I was traveling back to my home on Naked Mountain last Tuesday after 24 hours of soaking, drenching rainfall as well as a hailstorm that left piles of icy pellets here and there. The rain was still coming down as I started up my 2.4 mile long road. The road was a mess — gullied as deeply as ten inches in many places and with numerous sizable puddles in low spots. But I kept on. As I started up the steepest portion, I was a little unnerved by a torrent of water coming down the left side of the road, so I erred on the side of caution and steered the car closer to the right side of the road. I failed to see a large, dark log we had
carefully positioned there during our road work last fall. (See November 13, 2012 post.) I hit it pretty hard and came to a crunching halt. I got out to assess the damage and could see right away that the car could not be driven. The right front wheel was pushed against the back of the structure that houses the whole wheel casing. I gathered up essentials in the car – twenty pounds of just bought groceries and a few other items – into sturdy bags and hiked three quarters of a mile straight uphill to my house. Once I had put away the food, I called my insurance company and put a rescue in motion for the next day.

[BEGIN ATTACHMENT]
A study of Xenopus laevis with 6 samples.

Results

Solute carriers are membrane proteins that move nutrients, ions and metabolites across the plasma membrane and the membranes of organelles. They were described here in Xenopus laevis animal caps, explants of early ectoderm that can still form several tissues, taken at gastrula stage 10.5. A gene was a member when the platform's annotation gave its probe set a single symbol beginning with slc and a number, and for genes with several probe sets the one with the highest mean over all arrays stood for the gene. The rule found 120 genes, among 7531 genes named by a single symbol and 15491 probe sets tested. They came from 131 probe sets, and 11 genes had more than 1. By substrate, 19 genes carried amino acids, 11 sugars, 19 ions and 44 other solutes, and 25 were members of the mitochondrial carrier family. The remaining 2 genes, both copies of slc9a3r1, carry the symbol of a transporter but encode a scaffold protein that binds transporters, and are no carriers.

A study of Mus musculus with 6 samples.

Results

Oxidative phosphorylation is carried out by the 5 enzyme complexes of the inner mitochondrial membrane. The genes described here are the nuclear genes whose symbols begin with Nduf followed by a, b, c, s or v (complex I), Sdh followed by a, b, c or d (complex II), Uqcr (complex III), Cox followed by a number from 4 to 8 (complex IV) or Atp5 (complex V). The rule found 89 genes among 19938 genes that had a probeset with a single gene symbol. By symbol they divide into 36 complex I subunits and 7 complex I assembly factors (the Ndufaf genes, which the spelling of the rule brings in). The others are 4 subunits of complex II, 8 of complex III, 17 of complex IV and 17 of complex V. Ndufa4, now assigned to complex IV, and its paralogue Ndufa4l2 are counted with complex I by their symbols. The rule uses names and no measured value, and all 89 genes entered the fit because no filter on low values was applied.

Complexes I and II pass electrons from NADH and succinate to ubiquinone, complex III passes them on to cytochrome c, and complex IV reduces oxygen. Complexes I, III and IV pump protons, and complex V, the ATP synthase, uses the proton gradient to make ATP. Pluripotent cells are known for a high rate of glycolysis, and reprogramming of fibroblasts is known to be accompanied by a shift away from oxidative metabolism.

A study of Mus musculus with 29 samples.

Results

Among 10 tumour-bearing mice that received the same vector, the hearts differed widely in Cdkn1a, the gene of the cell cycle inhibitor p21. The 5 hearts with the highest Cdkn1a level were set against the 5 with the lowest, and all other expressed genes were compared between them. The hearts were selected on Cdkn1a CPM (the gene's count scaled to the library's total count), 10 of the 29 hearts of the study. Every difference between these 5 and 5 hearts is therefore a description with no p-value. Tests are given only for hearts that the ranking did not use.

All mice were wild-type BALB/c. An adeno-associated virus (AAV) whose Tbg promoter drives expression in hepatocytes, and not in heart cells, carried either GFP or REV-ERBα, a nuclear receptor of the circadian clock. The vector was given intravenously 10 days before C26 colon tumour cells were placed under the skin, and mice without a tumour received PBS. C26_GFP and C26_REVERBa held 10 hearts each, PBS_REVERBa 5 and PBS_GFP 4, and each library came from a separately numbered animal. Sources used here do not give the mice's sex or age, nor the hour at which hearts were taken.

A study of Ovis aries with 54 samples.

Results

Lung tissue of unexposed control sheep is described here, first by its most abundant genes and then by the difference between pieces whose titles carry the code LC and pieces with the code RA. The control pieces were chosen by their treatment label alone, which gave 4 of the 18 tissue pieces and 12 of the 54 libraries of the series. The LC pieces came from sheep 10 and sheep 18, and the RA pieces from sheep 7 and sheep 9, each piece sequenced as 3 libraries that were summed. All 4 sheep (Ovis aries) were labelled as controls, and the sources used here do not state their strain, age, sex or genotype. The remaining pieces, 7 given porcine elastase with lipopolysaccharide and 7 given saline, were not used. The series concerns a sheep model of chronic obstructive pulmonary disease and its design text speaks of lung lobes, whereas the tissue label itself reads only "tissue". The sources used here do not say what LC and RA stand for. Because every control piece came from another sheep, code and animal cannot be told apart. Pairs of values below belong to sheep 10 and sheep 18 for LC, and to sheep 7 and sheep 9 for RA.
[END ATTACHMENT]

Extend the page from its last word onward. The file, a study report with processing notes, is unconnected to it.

The worst thing about the accident was missing a hike down into the barrens to see the Shooting Stars in peak bloom – 10,000 of them! I had to cancel a visit planned for Friday with Lara Gastinger, lead artist for the recently published Flora of Virginia, who wanted to see the Shooting Star show. Too bad!
The car was towed to Charlottesville the next morning and I drove a rental car to Arlington, Virginia to spend time with a friend while the car is being repaired. It will take two weeks. By the time I get back to Naked Mountain, the Shooting Stars will be done.
One positive note was this: I wait anxiously every spring for the return of two nesting pairs
of Cerulean Warblers from their wintering grounds in South America. Cerulean Warblers are listed as a species of concern by the U.S. Fish and Wildlife Service because of lost habitat in the U.S. and on their wintering grounds. As I walked down the mountain to meet up with the tow truck, I heard Cerulean Warblers singing in two different spots. They are back from South America! It is extremely gratifying to be able to offer these beautiful creatures good habitat that is protected, in perpetuity, under Naked Mountain’s conservation easement held by the Division of Natural Heritage within the Virginia Department of Conservation and Recreation. You can read more about Cerulean Warblers here.